Average Time: 40 – 45 days
Start / Finish :
- Kalamunda – Albany
- Click here for transport details to and from the trailheads.
- All-year-round. Conditions can be scorching in summer and bushfires are not uncommon. The ideal seasons for hiking the Bibby are spring and autumn.
Maps / Info :
- Online information: Your best source of up-to-date online information for the trail is the Bibbulmun Track Foundation’s website.
- Maps: Eight (8) official maps cover the trail. You can purchase them from the online shop at the Bibbulmun Track Foundation website.
- Guidebooks: The Bibbulmun Track guidebooks contain topographical maps, trekking notes, town maps, basic camping and hiking information, an overview of the track’s history, and insights into the flora and fauna you are likely to encounter along the way.
- GPS: See the Section-by-Section Guide on the Bibbulmun Track Foundation’s site for free KML file downloads for the entire trail. Alternatively, the Western Australia Parks and Wildlife Service also has GPX data.
Route / Conditions :
- Signage: The Bibbulmun Track is very well signed and easy to follow. Nonetheless, taking both map and compass and/or GPS is (as always) recommended.
- Challenges: Relatively speaking, there is very little in the way of altitude gain and loss on the Bibbulmun Track and I can’t think of any section which I would term difficult. That said, the Bibbulmun cannot be termed an “easy” track for the following reasons: 1. It is 1003 km in length; 2. With the exception of winter, the conditions, particularly in the northern sections of the hike, can get extremely hot; 3. From a terrain perspective, perhaps the most challenging sections are some stretches of soft sand walking along the southern coast.
- Water Availability: There is water at all the campsites, however, very little in between. When I hiked the Bibbulmun in November 2010, virtually all the creeks were bone-dry. Before setting out, check with the Bibbulmun Track Foundation in regards to the latest available water information.
- Water Treatment: Officially speaking it is recommended that all water be treated. Unofficially, after listening to the advice of locals and fellow “End-to-End” hikers, I found the water from the campsite rainwater tanks to be fine to drink untreated.
- Supplies: A good range of provisions can be found in all towns along the trail. That being said, if you prefer buying your food in advance and mailing it ahead, this is also not a problem as there are post offices and/or other establishments where you can receive mail. See the Bibbulmun Track Foundation’s Accommodation and Services Guide for details.
- Snakes: You are likely to encounter more than a few snakes along the track. The most common of which is probably the Tiger snake. Although classified as one of the most venomous snakes in the world, they do not present a danger to hikers as long as they are left alone. Try to be aware, without being paranoid whilst you are walking. See Hiking in Snake Country in the HEALTH & SAFETY section for tips and advice regarding snakes.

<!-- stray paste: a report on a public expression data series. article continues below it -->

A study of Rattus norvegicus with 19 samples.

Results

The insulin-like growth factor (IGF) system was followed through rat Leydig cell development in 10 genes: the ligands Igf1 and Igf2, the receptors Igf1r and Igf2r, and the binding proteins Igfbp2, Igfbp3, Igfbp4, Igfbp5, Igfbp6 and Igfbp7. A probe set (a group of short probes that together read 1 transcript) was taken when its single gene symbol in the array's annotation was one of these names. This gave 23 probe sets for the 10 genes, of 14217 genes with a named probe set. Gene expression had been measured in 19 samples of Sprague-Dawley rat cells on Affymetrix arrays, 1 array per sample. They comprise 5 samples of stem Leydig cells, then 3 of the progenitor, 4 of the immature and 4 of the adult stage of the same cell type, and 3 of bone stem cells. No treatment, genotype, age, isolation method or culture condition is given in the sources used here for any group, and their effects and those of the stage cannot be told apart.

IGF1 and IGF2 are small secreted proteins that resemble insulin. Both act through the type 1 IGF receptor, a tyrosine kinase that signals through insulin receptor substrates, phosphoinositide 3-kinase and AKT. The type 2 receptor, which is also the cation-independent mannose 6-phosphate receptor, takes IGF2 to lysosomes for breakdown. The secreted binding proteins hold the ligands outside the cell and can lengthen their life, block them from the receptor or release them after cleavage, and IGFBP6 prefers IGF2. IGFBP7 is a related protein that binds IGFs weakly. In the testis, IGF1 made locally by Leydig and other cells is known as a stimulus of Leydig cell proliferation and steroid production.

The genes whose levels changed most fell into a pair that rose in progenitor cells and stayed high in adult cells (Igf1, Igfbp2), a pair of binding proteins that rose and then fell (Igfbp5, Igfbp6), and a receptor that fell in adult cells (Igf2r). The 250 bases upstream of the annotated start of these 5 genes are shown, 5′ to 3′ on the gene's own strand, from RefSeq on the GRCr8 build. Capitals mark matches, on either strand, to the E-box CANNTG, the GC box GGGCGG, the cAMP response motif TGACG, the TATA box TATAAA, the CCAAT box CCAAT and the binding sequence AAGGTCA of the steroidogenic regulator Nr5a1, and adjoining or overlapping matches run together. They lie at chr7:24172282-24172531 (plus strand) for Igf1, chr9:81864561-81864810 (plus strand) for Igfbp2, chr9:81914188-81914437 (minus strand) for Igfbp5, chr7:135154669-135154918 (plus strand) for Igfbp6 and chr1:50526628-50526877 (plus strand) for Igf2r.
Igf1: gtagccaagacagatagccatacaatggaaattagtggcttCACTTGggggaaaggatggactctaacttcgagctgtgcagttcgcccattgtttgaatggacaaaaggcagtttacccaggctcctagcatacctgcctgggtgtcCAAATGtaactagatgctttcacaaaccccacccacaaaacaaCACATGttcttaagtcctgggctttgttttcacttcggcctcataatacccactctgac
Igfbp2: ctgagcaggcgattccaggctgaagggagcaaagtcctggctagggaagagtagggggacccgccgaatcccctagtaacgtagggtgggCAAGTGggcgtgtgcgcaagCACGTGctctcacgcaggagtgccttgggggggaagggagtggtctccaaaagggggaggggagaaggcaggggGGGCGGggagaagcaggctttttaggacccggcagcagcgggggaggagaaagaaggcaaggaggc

- Ticks: Not so easy to avoid are ticks. On the northern-most section before the town of Dwelingup, I encountered scores of the little blighters. Check yourself regularly and don’t forget the tweezers! Once again see Ticks and Mosquitos in the Health & Safety section for more information.
- Flora & Fauna: Click here for an overview of the flora and fauna you are likely to encounter on the Bibbulmun Track.
- As of April 2020, there are some 49 official campsites along the track. All of these have a three-sided shelter (lean-to), tent sites, potable water, and privy.
- In the north, where most people begin the hike, the shelters are situated closer together with sometimes as little as 10km separating them. Further south, the distances between shelters are greater, generally averaging between 15 and 25km.
- As the lean-tos can sometimes be full, it is wise to bring along a lightweight shelter such as a tarp or single-wall tent. See Tents for Thru-hiking for options.
- Inexpensive accommodation is available in all of the towns. See the Accommodation and Services Guide (listed above) for details.
- With it’s regularly spaced shelters and town stops, the Bibbulmun Track is Australia’s answer to the Appalachian Trail.
- Although less crowded than its American cousin, as with the AT a huge part of the Bibbulmun’s charm lies in the regular interaction you will have with fellow hikers. Seemingly everyone has a story to tell and interesting characters abound! If you are looking for a solitary wilderness experience, this is probably not the trail for you. However, if you enjoy chatting to like-minded outdoorsy folk around a camp-fire or shelter, then chances are you will love the Bibbulmun experience.
- In regard to scenery, there are some beautiful areas along the Bibbulmun, however, there are also some pretty ordinary ones. Personal highlights were the sections around Donnelly River, Walpole, Pemberton, and the coastal stretch between Conspicuous Beach and Peaceful Bay. Lowlights were some of the burned-out stretches around White Horse Campsite and the town of Collie.